The system, seeing from a different angle #agile #coaching #systemsthinking

Do you ever wonder why people are doing and saying things that seem to not make sense? That seem illogical? Seem irrational? And not, of course, what I would do in the same situation?

Welcome to life. Welcome to “we are all different” and coming from different perspectives. Different places. Different needs and expectations.

One way to help make sense of it all is a systems perspective.  We are all connected and all part of many systems. And each system is coachable. The system can change. Change is always possible.  I was honored to be a student of Lyssa Adkins (@lyssaadkins ), Michael Spayd (@mspayd ), and Marita Fridjhon  (@MaritaFridjhon ) in the Nov 2012 pilot session of Leading from the Next Level: Systems-Oriented Leadership™ for Agile Coaches.  It was a very important class for me, one that I learned so much from. It has taken me a few months just to process some of the learning enough to be able to write and share about it here.

As a senior leader in a global, high tech corporation I run across lots of situations that seem to be incongruous. That appear broken. And most of the time, in a traditional corporate sense, these are not “my issues.” They usually don’t fall cleanly within my “span of control.” They are generally systems challenges. Meaning that they are cross-functional, cross-silo, cross-organization…  Such challenges are often the systemic, entrenched, and the “way we do things around here.”

Even a new project or a new integration or new acquisition can run into these systemic challenges.

New meets old. And tension is created. Which brings us back to systems perspectives.

Here are the types of questions that I ask myself and others to employ this perspective…

What is trying to happen here?

Who are the players (stakeholders)?

What are the needs and expectations of each player (each part of the system)?

What are the relationships of the players to one another?

The organization is also a player – what are the needs and expectations of the organization?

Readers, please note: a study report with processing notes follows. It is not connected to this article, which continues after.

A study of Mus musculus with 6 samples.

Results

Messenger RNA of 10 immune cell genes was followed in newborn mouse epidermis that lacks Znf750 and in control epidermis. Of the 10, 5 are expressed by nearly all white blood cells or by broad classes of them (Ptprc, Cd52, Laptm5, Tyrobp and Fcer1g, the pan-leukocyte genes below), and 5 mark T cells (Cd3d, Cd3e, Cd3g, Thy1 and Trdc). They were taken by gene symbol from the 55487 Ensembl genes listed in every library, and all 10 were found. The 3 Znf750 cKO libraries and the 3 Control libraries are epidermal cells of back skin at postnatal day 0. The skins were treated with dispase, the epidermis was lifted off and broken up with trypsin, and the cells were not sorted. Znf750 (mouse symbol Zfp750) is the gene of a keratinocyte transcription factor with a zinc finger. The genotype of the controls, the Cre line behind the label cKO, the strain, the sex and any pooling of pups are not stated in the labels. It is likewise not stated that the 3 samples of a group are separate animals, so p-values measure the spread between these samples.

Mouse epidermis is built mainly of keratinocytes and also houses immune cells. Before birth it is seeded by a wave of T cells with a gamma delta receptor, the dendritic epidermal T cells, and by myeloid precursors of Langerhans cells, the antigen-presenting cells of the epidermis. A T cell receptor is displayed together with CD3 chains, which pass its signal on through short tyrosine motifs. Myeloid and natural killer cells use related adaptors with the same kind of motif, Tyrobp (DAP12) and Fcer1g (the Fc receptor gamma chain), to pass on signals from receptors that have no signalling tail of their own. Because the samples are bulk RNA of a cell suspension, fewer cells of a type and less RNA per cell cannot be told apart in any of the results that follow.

It’s like a giant chess board. A game of empathy. Listening. Who needs what from whom? What matters to each part of the system?  Now, what questions, what open-ended questions can I ask to help the system repair. Repair, flow, change, move forward. What possibilities do I see? What are the possible highest dream outcomes. Notice the “s.”  We need lots of possibilities. Lots of Plan A, B, C, and D’s…and space for more outcomes to emerge.  What outcomes that *might* be possible? What else? What else? And if those outcomes are possible, what else might be true? Can I share some hunches (guesses)  with some of the stakeholders?  Can I reveal more of the system to itself? Without being too entrenched in one outcome myself?

One practical – that I learned long ago from Don Rossmoore, a student of Chris Argyris, is to start by interviewing stakeholders. Asking them what’s working well and what needs to work better…. Longer conversations. Lots of listening.  The question “what needs to work better” is especially important…it focuses forward. Much like Marshall Goldsmith’s Feed-forward.

Systems are all around us. Webs of relationships. Differing perspectives, needs, challenges. A systems perspective is valuable (critical, invaluable) in coaching a system to change, to flow, to be dynamic.


  1. suzanne1953 Says:

    I hope whatever you learn can be extended to ALL stakeholders in the organization. Some parts of the same system are much more broken than others. Examples: some teams not have single sourcing; some teams must use waterfall apps for agile environments; telecommuters with domain knowledge and expertise are laid off in lieu of on-site newbies.

    • margaretmotamed Says:

      Hi Suzanne, yes that is exactly my situation, our challenge and goal is to form bridges across organizations, across teams with disparate methodologies. A system view helps us see the possibilities for collaboration, instead of blame.
      That is interesting about the SME / domain experts you refer to. Were they open to collaboration in your experience? Co-location makes collaboration easier, but it is not a guarantee of success in my experience.

  2. Carl shea Says:

    Very interesting! I too have been struggling with the larger system of organization. I am seeing much value in team level systems, and recognizing the third entity (Officially) It is funny, I had always sensed this, but Lyssa and Marita put it on the it is a real thing list…

    The techniques of the class such as, Designed Partnership Alliance (DPA), Meta Skills Wheel and other tools that were added to my toolbox, are very valuable!

    • margaretmotamed Says:

      Thank you for the comment Carl – the third entity (the system) is important to acknowledge! And I learned so much from the class…and fellow practitioners!